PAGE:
Investing For Beginners


Saving is an important component of any sound financial plan. Savings happen when you spend less than you earn, whether that’s because you have an unexpected raise or because you’re curbing your spending habits. This can mean anything from making a plan to pay off debt to actually setting up separate accounts to act as savings funds that cannot be touched.

For many who have gotten their savings accounts growing successfully, investing becomes a natural next step. Investing is a way to put savings to work for you, to continue to grow them without added work on your part. Simply put? It puts your money to work for you.

Investing doesn’t have to be the stereotypical gambling like high risk investments either, there are a full range of risk levels for investments (each with their own level of reward as well). The point is that investing can be great for risk levels of any level, in fact just a low risk investment can be enough to substantially grow your account without having any added work on your part whatsoever.

Let’s look at some examples of how to put your savings to work, and see the power involved in investing.

 

Example one: Amelia

Amelia usually has an average of $3,000 in an everyday bank account that only pays interest of 1% on a minimum account balance of $5,000. In short, her savings currently earn no interest. At any one time, Amelia generally needs access to less than $1,000 of her account for everyday expenses. If her spare $2,000 in cash remains in the everyday bank account, Amelia won’t lose any money, but it’s certainly not generating her any interest income either. She decides to transfer $2,000 into a high-interest bank account earning 4%, which means her savings earn $80 a year rather than zero dollars. If Amelia does nothing, her money will earn no interest.If you replace the $2,000 with $20,000, then doing nothing means receiving $200 in interest (1% interest in everyday bank account on balances above $5,000), while redirecting the cash to a high-interest bank account means a hefty $800 a year on the $20,000 investment. The more money you have saved, the greater the financial consequences by not investing that money. For example, if Amelia had $200,000 in savings and chose to leave her money in the everyday bank account, her cash would earn $2,000 but if she redirected those savings into the high-interest bank account, then those same savings would earn $8,000 a year rather than $2,000 a year.

High-interest bank account Doing nothing
$2,000 @ 4% = $80 $2,000 @ 0%* = $0
$20,000 @ 4% = $800 $20,000 @ 1% = $200
$200,000 @ 4% = $8,000 $200,000 @ 1% = $2,000

*Amelia’s everyday bank account pays 1% interest on account balances of $5,000 and no interest on balances lower than $5,000.

 

Inflation

Inflation is the term given to describe the increasing cost of living. It ensures that money decreases in value over time. If you stashed $40 away today, you’d quickly find that it would be worth a lot less over time. The reality of inflation almost makes investing a necessity, as if you just save money (without putting into investments to grow it) then it will devalue itself over time.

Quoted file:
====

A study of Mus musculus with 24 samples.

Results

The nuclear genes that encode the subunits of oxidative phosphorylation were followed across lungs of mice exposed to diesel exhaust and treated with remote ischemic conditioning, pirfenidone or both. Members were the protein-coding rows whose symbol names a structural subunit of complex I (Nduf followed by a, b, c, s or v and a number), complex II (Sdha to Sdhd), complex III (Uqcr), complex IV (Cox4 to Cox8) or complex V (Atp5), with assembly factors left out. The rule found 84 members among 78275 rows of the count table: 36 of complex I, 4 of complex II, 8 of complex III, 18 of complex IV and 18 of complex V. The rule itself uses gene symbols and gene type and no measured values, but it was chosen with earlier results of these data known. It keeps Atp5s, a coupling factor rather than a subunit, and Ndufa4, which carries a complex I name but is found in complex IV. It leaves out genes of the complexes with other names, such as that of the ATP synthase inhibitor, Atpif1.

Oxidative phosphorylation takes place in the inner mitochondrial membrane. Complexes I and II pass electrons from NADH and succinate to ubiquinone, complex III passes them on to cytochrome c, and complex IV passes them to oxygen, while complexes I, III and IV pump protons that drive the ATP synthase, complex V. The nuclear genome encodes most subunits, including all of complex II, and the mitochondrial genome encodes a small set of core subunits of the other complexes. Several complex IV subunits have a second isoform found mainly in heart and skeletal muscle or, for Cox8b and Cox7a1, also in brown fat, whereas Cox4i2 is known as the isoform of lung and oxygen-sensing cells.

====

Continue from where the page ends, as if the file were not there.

Returns

Returns are the money you get back from your investments. They can come in a variety of forms, from interest on a bank account to shares in the market or property value and rent.

How will you know when you have a good investment? When it’s positively earning, that is to say: when the value on your investment is higher than inflation. When inflation is higher, you’re losing purchasing power on your investments, you’re basically losing money. The goal here is to try to keep your returns positive, so that you can know when to stick with an investment and when to drop it.

Let’s look at an example of a positive investment.

 

Example two: Amelia goes a different route

Amelia (from Example one above) has $2,000 to invest and she decides to deposit the amount in a high interest bank account earning 4%. The interest she earns is $80 for the year.If inflation, that is the annual rate of price increases, is 4%, then the real return on Amelia’s money is zero. You deduct the effect of inflation from the return you receive to work out the real rate of return on your investment. Amelia may have $80 more in her account, but the purchasing power of $2,080 is effectively worth the same as $2,000 a year ago.If, however, inflation is running at only 2%, then you deduct only $40 from your interest income to work out your real return of $40 (2%).If inflation is running at 10% (which hasn’t happened for quite a few years), you need a return of at least 10% to retain the real value of your investment.

Investment return Inflation rate Real return
$2,000 @ 4% = $80 2% 2%
$2,000 @ 4% = $80 4% 0%
$2,000 @ 4% = $80 10% -6%

 

Taxes

The final thing we’ll say about investments is not to forget taxes. You pay taxes on all money you earn, and this includes investments. Consult an accountant to get a better understanding as to what taxes you will owe on your gains.

Conclusions

This article has illustrated the power of investing, and why it may be more of a necessity than an option. Positive returns are a great way to keep your cash earning, rather than deflating in value with inflation. Just make sure you do your research first, and you’ll be on your way to successful investing in no time.